Click for full image.
The Lunar Reconnaissance Orbiter (LRO) science team yesterday released their high resolution image taken of the area where it is believed India’s lunar lander Vikram crashed.
The image to the right is not that image, but an oblique overview showing where that landing region is, the center of which is indicated by the white cross. Vikram was aiming for this flat region between the Simpelius N and Manzinus C craters.
In releasing the image, the scientists explained what they thought were the reasons they have so far failed to find Vikram.
We note that it was dusk when the landing area was imaged and thus large shadows covered much of the terrain, perhaps the Vikram lander is hiding in a shadow. The lighting will be favorable when LRO passes over the site in October and LROC will attempt to image the lander at that time.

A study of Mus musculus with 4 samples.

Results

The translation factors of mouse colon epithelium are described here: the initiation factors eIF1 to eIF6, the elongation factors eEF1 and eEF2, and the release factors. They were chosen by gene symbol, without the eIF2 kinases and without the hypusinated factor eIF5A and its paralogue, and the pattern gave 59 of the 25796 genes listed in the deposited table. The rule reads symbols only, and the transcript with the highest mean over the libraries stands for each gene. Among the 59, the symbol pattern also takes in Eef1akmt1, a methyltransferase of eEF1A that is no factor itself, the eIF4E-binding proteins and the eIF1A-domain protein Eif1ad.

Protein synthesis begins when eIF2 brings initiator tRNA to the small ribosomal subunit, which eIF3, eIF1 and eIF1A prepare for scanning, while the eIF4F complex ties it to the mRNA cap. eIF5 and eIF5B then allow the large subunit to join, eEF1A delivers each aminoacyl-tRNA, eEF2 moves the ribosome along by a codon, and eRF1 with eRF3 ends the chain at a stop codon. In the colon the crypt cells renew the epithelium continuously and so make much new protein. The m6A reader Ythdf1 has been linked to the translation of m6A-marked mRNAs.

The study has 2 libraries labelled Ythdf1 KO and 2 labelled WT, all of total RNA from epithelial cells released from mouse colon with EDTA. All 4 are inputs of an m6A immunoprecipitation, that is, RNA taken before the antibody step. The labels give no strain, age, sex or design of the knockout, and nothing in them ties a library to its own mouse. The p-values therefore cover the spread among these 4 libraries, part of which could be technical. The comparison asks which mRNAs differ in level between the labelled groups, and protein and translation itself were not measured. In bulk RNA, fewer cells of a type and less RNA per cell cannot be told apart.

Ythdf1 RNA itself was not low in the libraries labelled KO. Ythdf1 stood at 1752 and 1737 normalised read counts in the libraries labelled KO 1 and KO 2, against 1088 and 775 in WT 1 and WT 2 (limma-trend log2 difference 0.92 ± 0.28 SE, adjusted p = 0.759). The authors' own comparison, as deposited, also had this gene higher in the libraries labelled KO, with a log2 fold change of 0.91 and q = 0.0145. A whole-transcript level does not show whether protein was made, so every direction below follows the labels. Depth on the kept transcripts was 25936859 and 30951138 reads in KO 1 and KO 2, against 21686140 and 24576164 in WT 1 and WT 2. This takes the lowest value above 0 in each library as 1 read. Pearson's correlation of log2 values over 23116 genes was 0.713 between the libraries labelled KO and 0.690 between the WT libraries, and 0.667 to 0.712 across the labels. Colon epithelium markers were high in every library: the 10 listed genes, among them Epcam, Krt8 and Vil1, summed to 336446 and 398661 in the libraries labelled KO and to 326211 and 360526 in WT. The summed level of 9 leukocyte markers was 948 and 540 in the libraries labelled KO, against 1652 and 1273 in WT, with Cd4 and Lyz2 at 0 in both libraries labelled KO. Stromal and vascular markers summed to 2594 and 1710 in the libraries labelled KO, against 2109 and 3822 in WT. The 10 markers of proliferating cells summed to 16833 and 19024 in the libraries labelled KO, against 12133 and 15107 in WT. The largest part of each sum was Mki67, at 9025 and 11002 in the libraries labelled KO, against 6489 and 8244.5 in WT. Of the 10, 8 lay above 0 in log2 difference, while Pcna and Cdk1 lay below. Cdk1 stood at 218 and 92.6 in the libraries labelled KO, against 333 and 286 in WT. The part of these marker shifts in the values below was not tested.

You can explore the actual image at the link. It is quite large, though their viewer there allows you to zoom in and move about, inspecting each grid area very closely. As they note, there are a lot of shadowed areas.
LRO’s high resolution camera can see objects as small as Vikram, even if broke up somewhat on landing. The key for discovery will be timing. LRO will have to pass over at a time when the lander is not in shadow.
UPDATE: Below the fold is a side-by-side comparison of this region, with mid-day on the left and the dusk LRO image on the right, created by Rex Ridenoure of Ecliptic Enterprises.and graciously provided to me.
The scale of these images is far too large to capture an object the size of Vikram. However, the right image clearly shows the large amount of area in shadow, which makes finding Vikram difficult if not impossible. We will have to wait for mid-day lighting conditions, as shown on the left, to have a better shot at spotting the lander.